At first glance, the former Slack Alice’s Show Pub and the Okanagan Similkameen Neurological Society Child Development Centre seemed like strange bedfellows.
Not the case.
For many years the two entities worked closely on the annual motorcycle raffle which has long been a staple of the OSNS budgetary diet.
However, prior to the pub burning down just over a year ago, its owner decided to sever the relationship, at which point OSNS executive director Judy Sentes began her search for help elsewhere.
She didn’t have to look far.
True to form, area businesses and organizations were quick to rally and fill the void which is continuing to pay big dividends
Last year, for the first time, the draw for the new Harley Davidson motorcycle was part of the Peach City Beach Cruise and will be back at the 2013 Peach City Beach Cruise .
“We’ve just have so much support from so many different people, organizations and businesses to get us through this,” said Sentes this week as the raffle for the 2013 Harley Davidson Heritage Softail motorcycle and 2012 Yamaha scooter swung into full gear. “Slacks was definitely a major contributor to our sales, and when it wasn’t out, it was always on the stage at Slack’s so it had presence. And if it’s out of site it’s out of mind, so it’s very important that the bike maintain a visibility.”
She credits the willingness of pubs like the Copper Mug and Barley Mill along with the city’s auto dealerships and the South Okanagan Events Centre for keeping the two wheeler in the public eye.
The new groups join with the ranks of the Okanagan Motorcycle Riders Association, who have long been the backbone of the raffle and whose members continue to spend countless hours to make it the success it has become.
The draw date this year for the Harley is June 23 with the announcement of the early-bird winner of the scooter scheduled for May 12.
Combined value of the two bikes is about $30,000 which, if tickets sell out, will mean in excess of $25,000 to the centre.
That money, along with funds raised in the annual telethon (over $50,000) and the Evergreen Ball ($25,000) goes to help make up the annual $300,000 budget shortfall.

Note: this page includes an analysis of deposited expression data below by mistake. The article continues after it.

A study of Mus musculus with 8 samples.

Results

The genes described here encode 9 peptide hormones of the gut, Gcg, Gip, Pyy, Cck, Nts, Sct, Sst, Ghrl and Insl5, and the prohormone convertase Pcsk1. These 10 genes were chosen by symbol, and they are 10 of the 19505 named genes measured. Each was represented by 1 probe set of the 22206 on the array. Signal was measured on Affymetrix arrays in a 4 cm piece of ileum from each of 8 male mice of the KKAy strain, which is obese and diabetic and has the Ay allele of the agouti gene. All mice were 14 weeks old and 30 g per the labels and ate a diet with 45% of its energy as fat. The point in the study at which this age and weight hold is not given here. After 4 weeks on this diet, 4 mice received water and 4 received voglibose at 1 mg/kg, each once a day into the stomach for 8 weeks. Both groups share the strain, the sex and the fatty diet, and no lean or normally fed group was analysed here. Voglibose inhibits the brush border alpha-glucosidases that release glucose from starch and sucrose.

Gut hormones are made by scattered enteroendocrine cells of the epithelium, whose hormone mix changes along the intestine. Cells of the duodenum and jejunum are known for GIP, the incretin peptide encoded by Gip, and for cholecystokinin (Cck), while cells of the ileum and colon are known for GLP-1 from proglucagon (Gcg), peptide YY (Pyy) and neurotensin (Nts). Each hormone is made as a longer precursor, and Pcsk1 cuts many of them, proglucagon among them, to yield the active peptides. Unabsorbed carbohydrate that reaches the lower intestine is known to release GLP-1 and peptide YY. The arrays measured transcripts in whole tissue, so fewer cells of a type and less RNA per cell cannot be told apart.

According to the executive director, in spite of the region’s reputation as a retirement mecca, the increasing number of children the centre is seeing and growing waiting list, there are plenty of young families here.
“We are all about vulnerable children and our numbers of children with special needs are not diminishing,” said Sentes. “It’s emotionally charged, it’s physically charged and it’s a multi-faceted problem that we continually try to solve.
“If those early-intervention services can be accessed in those formative years — birth to school age — the difference it makes is that only 10 per cent go on to use those services life long and that’s huge. To us we use the language of investment, and those children are our future and if you invest in them the return is many times over.”
She added without help, special needs children almost always put an increased strain on the resources of the school districts when they enter the mainstream education system.
Sentes also has some hard evidence for the value of the centre’s services in the form of three of its alumni.
That includes Amanda Lewis, who despite severe physical challenges, still attended college and eventually became a spokesperson for Agur Lake Camp Society.
Another was swimmer Andrew Cooke who has cerebral palsy but has gone on to become a regular member of the KISU swim team and represented Canada in international competition.
The third person is one of her favourites, the talented and very popular young musician and singer Beamer Wigley, who was a premature baby.
“Preemies have to be monitored closely and they develop more slowly, which is why early intervention is so important,” said Sentes. “He was a client at the OSNS, but who would have thought that now, at age 10, he could rule the world.
“He commands the stage, he sang the national anthem for us at Ironman this year, he was on stage at the PNE and is very comfortable on stage and has a talent beyond question.
“So when you ask how do the children do, that’s how the children do.”
Heather Xenis is someone who has seen first hand the difference early intervention has made with her own son Carter, who is now three years old.
She first noticed at the age of one he did not appear to be at the level of other children his age when it came to mastering his speech skills.
“At the time he wasn’t talking and now he talks a lot, it’s really made a huge difference,” said his mom. “I think for us, because his issues weren’t severe and not related to anything specific, just the therapists making us aware of how you are supposed to talk and answer him helped us a lot.”
After two years she now sees a very confident youngster with strong social skills who is not afraid to face new adventures in life.
“It’s like night and day,” she said. “He has friends, he likes to go to pre-school, so this has been an incredibly worthwhile program.”
For more information about the various programs offered by the centre and fundraising efforts, visit http://osns.org/.